As per FDA’s pre-requisites for Abbreviated New Drug Application (ANDA) filings, applicants should be able to demonstrate their product’s sameness or similarity to its innovator product or Reference Product (RP). All the data generated by applicants on generic versions should be equivalent or the same as that for reference listed drug (RLD). The CDER recently issued a new draft guidance for industry that provides recommendations for ANDA applicants to demonstrates this ‘sameness’.
As per the recommendation by the US FDA, under the draft guidance, applicants should comprehensively evaluate and assess any potential for changes regarding the active ingredient while it is under the manufacturing stage. Lack of data to support the similarity between the generic product and RLD is a key Right to Reject (RTR) point. Though the information criteria is at the FDA’s discretion, the intent in drafting the guidance document was to provide considerations that ANDA applicants must take when determining what an active ingredient is according to the FDA, considerations for similarity/sameness for synthetic peptides & more complex drugs, and how active ingredients should be characterized. According to the FDA, the chemical form of an active ingredient also includes the entities that make the drug an ester or salt. ANDA applicants should also consider any non-covalent entities i.e., chelate, clathrate, complex, when assessing sameness, and just because a drug product and RLD are different in their physical forms does not mean that the their active ingredient sameness cant be demonstrated by ANDA applicants [1].
Considerations for active ingredient sameness in synthetic peptides & complex mixtures
Synthetic peptides: ANDA applicants that have proposed a generic synthetic peptide product may use biological evaluation & physicochemical characterization when demonstrating sameness with the RLD and conduct comparative testing. Orthogonal analytical methods should also be applied to characterize:
  • Primary sequence & physicochemical properties
  • Secondary structure
  • Oligomer/aggregation states
  • Biological activities (by in-vitro or animal studies)
Complex mixtures: all relevant data and other relevant scientific evidence should be evaluated by the FDA to see if a complex mixture’s active ingredient has been characterized adequality to facilitate assessment of the active ingredient sameness. As per the draft guidance document, examples of complex mixtures can include:
  • naturally-derived entities that constitute several components
  • synthetic polymers
  • semi-synthetic or synthetic mixtures
In most situations, complex molecules may be treated as one active ingredient since it is difficult to differentiate and categorize each component that would instigate pharmacological activity. However, for those complex molecules where the components can be distinguished, ANDA applicants should characterize them in many batches of the test product (proposed generic product) and RP.
Characterizing active ingredients in the drug product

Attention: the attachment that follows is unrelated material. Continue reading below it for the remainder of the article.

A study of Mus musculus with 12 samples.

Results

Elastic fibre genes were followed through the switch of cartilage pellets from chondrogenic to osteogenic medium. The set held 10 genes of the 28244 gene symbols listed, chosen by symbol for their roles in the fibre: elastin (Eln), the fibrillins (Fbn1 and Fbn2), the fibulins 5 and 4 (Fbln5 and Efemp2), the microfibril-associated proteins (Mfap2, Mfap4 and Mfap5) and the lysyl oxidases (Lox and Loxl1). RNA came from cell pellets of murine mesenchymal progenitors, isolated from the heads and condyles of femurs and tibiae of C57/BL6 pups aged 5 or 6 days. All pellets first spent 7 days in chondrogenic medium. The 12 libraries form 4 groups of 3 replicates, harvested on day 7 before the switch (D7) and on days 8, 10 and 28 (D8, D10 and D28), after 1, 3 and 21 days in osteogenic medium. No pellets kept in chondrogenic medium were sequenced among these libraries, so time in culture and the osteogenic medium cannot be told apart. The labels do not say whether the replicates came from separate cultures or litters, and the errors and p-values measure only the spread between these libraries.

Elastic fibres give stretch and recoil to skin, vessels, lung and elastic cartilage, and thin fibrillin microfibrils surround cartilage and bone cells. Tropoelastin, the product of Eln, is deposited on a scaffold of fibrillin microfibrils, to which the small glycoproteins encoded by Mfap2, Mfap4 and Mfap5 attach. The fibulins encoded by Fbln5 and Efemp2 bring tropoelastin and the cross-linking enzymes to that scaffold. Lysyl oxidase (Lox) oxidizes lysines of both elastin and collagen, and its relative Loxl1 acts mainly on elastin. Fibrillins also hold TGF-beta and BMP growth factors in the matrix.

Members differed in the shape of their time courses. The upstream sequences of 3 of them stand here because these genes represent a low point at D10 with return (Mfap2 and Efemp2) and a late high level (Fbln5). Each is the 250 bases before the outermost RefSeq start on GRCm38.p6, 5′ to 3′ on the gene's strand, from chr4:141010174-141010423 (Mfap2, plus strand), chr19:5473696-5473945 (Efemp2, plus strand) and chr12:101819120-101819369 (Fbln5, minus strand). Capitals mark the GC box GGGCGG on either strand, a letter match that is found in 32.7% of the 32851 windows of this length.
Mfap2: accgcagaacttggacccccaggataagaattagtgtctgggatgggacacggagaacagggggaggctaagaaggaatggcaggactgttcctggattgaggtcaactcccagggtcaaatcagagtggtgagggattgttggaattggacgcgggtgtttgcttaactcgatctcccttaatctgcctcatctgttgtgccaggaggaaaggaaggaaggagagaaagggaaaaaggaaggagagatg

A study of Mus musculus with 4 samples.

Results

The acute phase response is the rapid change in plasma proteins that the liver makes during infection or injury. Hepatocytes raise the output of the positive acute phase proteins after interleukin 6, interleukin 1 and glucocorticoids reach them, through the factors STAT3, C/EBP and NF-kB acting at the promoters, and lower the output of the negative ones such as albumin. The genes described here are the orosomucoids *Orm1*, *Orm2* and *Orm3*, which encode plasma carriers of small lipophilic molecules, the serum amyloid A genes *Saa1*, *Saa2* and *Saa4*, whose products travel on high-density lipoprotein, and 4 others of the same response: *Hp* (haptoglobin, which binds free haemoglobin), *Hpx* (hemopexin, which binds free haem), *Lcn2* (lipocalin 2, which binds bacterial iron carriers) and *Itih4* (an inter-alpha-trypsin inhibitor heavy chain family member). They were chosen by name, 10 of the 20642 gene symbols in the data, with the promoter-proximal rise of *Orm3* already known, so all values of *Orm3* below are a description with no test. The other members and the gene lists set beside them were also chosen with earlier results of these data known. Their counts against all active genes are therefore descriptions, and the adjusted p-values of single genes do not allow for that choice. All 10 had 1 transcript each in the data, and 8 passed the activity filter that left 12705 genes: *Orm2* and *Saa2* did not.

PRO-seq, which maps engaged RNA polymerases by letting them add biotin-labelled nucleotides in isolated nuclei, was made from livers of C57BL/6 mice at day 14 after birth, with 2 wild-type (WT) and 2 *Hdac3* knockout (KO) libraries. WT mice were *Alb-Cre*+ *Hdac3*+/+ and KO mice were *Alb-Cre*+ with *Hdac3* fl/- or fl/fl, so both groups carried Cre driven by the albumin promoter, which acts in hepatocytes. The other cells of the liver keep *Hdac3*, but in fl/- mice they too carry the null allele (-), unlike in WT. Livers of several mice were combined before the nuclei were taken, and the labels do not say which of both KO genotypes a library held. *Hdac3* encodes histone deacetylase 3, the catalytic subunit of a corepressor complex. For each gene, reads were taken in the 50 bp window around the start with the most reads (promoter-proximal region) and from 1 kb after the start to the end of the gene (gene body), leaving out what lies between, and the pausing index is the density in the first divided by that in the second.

If, in a proposed generic product, the active ingredient has undergone chemical changes then the converted chemical form of the active ingredient that would be present in the RLD’s finished form should be compared when demonstrating the sameness of the active ingredient.
The guidance also includes examples of active ingredient characterization for some drug products:
  • any entities of a molecule that make the drug a salt or ester is part of the active ingredient. Hence the salt or ester form of the active ingredient should be the same in the proposed product and RLD.
  • A complex, chelate, or clathrate is part of the active ingredients provided that it instigates the desired pharmacological activity
    • For solid oral dosage forms, the active ingredient will not include complex-forming excipients unless that excipient is not intended to instigate the desired pharmacological activity. For example, some complex excipients such as polymers are used to mask unpleasant taste. This is not part of the active ingredient or form a new active ingredient if they form bonds with an active ingredient.
    • Carbohydrates that form complexes with active ingredients for the purpose of stability are also not part of the active ingredient. However, in some situations, certain carbohydrate complexes are needed to ensure the intended therapeutic action of the drug. In this case, the carbohydrate is considered part of the active ingredient.
    • Intact gadolinium complexes in gadolinium products that are used for medical images should not dissociate and produce free gadolinium ions as they are toxic.
By issuing the draft guidance on the sameness evaluations for active ingredients in an ANDA, the FDA provides support to ANDA applicants in determining the similarity, or sameness, of the active ingredients for a generic product and its RLD [2].

As part of our regulatory consulting portfolio, our team at DDReg provides end-to-end regulatory services for ANDA submissions to the US FDA. Additionally, using our deep regulatory subject-matter expertise and regulatory intelligence we have also tackled various challenges related to ANDA filings including legibility checks to avoid RTRs for our customer organizations.